Atlanta cheating scandal and Lance Armstrong: How to avoid 'ethical slip'
The Atlanta educators charged with cheating and cyclist Lance Armstrong both fell prey to 'ethical slip' – when little by little, each adjusted his or her own internal compass to point the way of the growing crowd. Self-reflection and friendship can help prevent us from losing our true north.
The nation is reeling from news that 35 teachers, principals, and other education leaders in Atlanta have been charged with being part of a cheating ring – altering and fabricating test sheets and inflating test scores. The alleged architect of the ring is celebrated former superintendent of schools, Beverly Hall, who won Superintendent-of-the-Year in 2009, and an invitation to the White House, and has earned more than half a million dollars in reward bonuses over the years. She now faces the possibility of 45 years in prison.Skip to next paragraph
What do these Atlanta teachers and world-class cyclists have in common?
They both seem to have fallen prey to a culture of what we might call “ethical slip” – little by little, one by one, each adjusted his or her own internal compass to point the way of the growing crowd. (In the case of the Atlanta teachers, it seems their compasses may have been adjusted under threat, in many cases, rather than more subtle kinds of pressure.) What might have felt uncomfortable at first likely became increasingly normalized by the frequency and volume of its occurrence. What might have once been unthinkable likely became mind-numbing routine. And before long, a whole internal culture was created where the unethical act – doping, cheating – becomes a foundational internal logic.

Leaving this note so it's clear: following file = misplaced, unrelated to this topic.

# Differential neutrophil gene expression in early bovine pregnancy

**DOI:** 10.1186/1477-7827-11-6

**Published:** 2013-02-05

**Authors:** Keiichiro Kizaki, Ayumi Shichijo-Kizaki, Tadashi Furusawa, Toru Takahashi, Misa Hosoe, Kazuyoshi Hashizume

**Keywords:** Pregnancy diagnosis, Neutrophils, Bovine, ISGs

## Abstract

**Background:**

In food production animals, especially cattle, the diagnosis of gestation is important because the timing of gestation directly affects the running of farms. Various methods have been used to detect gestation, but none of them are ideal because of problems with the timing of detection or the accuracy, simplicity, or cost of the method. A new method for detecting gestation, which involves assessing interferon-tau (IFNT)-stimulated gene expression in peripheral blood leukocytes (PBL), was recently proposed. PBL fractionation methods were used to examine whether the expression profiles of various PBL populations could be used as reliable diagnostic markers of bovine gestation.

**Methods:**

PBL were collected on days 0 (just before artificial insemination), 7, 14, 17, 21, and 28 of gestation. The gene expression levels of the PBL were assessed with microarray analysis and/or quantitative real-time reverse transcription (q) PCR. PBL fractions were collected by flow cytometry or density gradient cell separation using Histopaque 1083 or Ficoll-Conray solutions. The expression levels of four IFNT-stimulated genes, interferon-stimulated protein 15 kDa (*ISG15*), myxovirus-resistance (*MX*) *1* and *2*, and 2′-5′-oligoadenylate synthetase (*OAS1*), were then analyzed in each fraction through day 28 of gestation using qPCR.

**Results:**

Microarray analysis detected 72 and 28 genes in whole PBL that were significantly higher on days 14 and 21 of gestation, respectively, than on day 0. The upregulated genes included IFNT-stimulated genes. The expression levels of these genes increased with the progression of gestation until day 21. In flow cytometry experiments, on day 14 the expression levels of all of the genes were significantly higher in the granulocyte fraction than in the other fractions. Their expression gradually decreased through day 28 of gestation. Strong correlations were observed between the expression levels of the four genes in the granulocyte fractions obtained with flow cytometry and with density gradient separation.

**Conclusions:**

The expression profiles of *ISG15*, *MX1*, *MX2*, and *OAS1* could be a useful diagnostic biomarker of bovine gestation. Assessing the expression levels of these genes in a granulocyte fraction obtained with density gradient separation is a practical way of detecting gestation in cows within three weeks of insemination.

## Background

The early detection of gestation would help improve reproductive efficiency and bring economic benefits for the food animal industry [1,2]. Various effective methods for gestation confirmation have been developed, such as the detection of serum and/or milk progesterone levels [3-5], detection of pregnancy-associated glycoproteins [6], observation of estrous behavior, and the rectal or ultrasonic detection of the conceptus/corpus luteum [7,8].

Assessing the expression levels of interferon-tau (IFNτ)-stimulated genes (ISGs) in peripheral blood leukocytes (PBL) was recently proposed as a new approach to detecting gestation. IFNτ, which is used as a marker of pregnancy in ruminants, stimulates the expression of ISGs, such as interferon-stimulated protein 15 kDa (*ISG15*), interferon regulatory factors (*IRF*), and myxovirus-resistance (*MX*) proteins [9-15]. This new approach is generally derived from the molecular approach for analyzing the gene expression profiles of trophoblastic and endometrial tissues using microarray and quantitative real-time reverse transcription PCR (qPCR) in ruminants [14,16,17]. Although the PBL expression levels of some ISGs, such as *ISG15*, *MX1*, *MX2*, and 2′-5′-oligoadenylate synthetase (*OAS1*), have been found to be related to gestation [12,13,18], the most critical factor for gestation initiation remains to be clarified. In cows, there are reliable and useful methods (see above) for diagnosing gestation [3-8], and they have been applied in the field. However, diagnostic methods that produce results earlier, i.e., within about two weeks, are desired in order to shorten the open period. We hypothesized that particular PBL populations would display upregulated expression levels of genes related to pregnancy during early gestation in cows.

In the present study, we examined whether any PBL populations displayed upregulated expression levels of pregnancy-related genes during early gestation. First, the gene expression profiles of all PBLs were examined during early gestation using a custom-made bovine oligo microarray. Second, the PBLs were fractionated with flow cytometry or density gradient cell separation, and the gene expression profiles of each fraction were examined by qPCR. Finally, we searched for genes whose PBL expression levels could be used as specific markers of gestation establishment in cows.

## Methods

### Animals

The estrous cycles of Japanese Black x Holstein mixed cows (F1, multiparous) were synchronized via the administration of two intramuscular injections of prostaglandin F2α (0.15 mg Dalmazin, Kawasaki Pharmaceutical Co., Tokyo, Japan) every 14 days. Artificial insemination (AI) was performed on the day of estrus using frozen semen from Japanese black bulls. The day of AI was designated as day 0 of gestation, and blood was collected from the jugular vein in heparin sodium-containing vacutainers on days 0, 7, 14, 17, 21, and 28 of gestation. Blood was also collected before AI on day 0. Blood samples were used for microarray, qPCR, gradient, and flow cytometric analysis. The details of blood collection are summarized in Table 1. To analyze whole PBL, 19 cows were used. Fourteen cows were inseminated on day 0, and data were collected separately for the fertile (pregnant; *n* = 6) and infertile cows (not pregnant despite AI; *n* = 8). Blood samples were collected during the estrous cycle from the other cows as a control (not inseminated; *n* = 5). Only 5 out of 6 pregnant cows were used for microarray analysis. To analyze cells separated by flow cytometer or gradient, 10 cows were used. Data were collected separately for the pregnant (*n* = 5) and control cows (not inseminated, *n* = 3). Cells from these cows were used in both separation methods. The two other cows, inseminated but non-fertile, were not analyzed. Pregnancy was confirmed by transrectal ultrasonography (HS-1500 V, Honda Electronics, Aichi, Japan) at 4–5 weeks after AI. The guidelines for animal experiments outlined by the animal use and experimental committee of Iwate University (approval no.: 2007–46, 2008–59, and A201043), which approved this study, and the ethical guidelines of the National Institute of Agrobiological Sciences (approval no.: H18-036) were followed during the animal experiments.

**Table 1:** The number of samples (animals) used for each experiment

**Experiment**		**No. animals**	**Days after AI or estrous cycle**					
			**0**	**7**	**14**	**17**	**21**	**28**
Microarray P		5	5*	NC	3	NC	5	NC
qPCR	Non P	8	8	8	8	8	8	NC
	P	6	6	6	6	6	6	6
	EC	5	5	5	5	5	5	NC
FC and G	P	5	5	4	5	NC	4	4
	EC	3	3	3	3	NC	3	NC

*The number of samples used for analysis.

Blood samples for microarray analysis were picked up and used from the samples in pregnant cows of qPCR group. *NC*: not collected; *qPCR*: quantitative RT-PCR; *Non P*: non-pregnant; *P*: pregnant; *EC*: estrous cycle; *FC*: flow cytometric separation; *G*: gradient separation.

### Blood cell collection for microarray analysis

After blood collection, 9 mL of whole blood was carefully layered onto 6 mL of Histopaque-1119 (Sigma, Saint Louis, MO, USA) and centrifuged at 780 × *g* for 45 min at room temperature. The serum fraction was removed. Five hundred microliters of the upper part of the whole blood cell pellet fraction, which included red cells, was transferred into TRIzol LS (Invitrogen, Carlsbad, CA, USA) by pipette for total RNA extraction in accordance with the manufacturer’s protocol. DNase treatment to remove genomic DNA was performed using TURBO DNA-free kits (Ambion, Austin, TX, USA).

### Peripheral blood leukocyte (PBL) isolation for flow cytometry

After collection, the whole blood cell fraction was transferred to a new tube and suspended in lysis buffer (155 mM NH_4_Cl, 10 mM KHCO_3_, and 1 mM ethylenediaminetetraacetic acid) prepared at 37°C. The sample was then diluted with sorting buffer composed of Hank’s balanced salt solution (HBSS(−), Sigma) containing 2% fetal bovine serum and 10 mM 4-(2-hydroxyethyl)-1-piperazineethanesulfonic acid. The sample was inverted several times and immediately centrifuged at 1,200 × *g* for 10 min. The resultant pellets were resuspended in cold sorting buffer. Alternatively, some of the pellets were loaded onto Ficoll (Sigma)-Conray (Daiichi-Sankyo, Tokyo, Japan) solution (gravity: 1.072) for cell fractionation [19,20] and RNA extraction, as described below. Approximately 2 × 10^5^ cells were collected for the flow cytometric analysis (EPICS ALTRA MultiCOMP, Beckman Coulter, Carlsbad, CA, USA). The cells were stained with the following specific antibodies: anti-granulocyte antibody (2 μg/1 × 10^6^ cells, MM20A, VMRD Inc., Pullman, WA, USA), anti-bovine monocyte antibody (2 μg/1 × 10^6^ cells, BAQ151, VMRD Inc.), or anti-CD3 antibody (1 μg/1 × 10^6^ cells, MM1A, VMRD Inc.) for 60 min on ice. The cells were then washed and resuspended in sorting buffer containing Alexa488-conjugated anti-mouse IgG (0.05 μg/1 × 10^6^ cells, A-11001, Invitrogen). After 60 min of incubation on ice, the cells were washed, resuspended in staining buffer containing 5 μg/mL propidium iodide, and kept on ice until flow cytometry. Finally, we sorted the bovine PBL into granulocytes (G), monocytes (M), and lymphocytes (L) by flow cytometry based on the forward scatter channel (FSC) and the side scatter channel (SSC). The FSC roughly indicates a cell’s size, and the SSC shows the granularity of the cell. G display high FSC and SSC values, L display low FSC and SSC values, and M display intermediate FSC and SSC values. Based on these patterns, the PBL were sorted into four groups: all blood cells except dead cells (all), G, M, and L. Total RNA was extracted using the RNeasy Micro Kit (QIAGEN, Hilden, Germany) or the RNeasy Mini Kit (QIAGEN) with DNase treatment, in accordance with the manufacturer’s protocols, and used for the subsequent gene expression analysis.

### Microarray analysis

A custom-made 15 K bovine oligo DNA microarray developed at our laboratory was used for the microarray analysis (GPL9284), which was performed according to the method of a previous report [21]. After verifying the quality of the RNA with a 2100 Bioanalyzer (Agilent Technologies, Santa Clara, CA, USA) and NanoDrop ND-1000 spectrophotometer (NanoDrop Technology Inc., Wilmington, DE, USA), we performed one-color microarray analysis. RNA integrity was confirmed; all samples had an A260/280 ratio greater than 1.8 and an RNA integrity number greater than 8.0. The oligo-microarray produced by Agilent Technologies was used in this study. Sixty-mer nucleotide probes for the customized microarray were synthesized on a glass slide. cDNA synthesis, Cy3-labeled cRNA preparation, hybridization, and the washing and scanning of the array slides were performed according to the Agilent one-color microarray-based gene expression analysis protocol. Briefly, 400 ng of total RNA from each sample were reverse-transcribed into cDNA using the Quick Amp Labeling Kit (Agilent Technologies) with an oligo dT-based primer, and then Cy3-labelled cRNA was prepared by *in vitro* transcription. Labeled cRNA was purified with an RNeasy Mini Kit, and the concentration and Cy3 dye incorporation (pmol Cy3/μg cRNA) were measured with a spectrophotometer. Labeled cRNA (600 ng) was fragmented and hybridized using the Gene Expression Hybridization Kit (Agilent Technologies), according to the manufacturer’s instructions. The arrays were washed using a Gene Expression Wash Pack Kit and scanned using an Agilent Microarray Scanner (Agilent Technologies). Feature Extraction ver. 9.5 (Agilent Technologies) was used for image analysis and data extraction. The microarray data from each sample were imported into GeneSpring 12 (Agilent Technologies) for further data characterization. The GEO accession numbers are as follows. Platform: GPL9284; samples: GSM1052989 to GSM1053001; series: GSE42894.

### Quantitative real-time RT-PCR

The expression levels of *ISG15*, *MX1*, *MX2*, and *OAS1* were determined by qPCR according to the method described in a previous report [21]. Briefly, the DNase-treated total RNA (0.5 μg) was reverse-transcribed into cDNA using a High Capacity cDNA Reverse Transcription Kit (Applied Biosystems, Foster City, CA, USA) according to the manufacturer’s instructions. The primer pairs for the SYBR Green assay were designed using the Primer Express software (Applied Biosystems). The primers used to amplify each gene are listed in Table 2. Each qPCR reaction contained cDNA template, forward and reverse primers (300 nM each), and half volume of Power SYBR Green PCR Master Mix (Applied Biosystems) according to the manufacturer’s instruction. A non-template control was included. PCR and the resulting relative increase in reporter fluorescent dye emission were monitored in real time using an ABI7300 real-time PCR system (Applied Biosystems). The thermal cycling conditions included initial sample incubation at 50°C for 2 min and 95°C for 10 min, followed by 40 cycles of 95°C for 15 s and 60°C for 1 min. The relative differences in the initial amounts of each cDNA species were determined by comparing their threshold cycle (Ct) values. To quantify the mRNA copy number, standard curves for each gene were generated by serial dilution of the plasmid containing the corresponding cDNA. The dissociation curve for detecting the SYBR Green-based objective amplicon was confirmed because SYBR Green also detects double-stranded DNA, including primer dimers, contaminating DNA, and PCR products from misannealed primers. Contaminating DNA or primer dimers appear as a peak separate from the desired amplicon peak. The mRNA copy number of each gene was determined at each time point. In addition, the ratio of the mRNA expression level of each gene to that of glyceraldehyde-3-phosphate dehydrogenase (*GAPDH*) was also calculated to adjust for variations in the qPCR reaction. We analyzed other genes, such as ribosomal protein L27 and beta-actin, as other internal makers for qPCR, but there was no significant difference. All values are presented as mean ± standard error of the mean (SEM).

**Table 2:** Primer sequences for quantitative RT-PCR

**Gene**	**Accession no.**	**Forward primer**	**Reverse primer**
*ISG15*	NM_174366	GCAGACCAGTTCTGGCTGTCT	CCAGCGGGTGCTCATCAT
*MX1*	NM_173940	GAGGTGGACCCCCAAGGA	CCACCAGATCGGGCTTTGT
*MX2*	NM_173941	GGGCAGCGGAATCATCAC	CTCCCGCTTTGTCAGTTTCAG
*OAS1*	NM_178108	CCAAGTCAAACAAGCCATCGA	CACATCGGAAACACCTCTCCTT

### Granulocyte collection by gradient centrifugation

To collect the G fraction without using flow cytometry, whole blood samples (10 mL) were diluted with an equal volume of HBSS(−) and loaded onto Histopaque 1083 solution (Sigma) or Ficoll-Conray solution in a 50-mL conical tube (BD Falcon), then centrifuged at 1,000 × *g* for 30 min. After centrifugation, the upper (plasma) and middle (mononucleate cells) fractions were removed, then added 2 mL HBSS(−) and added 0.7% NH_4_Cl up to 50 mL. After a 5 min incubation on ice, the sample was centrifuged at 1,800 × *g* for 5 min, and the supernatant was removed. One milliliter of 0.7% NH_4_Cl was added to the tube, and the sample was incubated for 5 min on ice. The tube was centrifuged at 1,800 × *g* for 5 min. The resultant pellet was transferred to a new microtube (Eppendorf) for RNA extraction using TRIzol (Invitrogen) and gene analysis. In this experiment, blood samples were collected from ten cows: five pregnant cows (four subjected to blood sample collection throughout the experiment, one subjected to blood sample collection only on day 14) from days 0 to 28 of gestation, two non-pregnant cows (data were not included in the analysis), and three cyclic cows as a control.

Mr. Armstrong, no longer trusting his own soul, groped for answers in books. He told Oprah in his infamous interview that he “looked up the definition of cheat,” and it means “to gain an advantage on a rival or foe.” Armstrong explained: ”I didn’t view it that way. I viewed it as a level playing field.”
Both Dr. Hall and Armstrong deserve their due. Just as they were cast as leaders in front of the cameras, they were, if the case holds up in court, leaders behind the cameras, too – cultivating “ethical slips” from others by example and, sometimes, even coercion. Both are powerful reminders that when we make gods out of people, we can expect to be disappointed.
But before we grow too comfortable on our thrones of judgment, we must consider our own capacity for adjusting our internal compasses when it’s convenient and/or culturally normalized. People fudge on their taxes, tell their doctors they don’t really smoke, gossip even when they feel slightly gross about it, maybe even adhere to some questionable protocol at work that they used to think was unethical. After awhile people can get used to these ethical gray areas; instead of a sharp jolt to their moral barometers, these transgressions invoke just a dull twinge.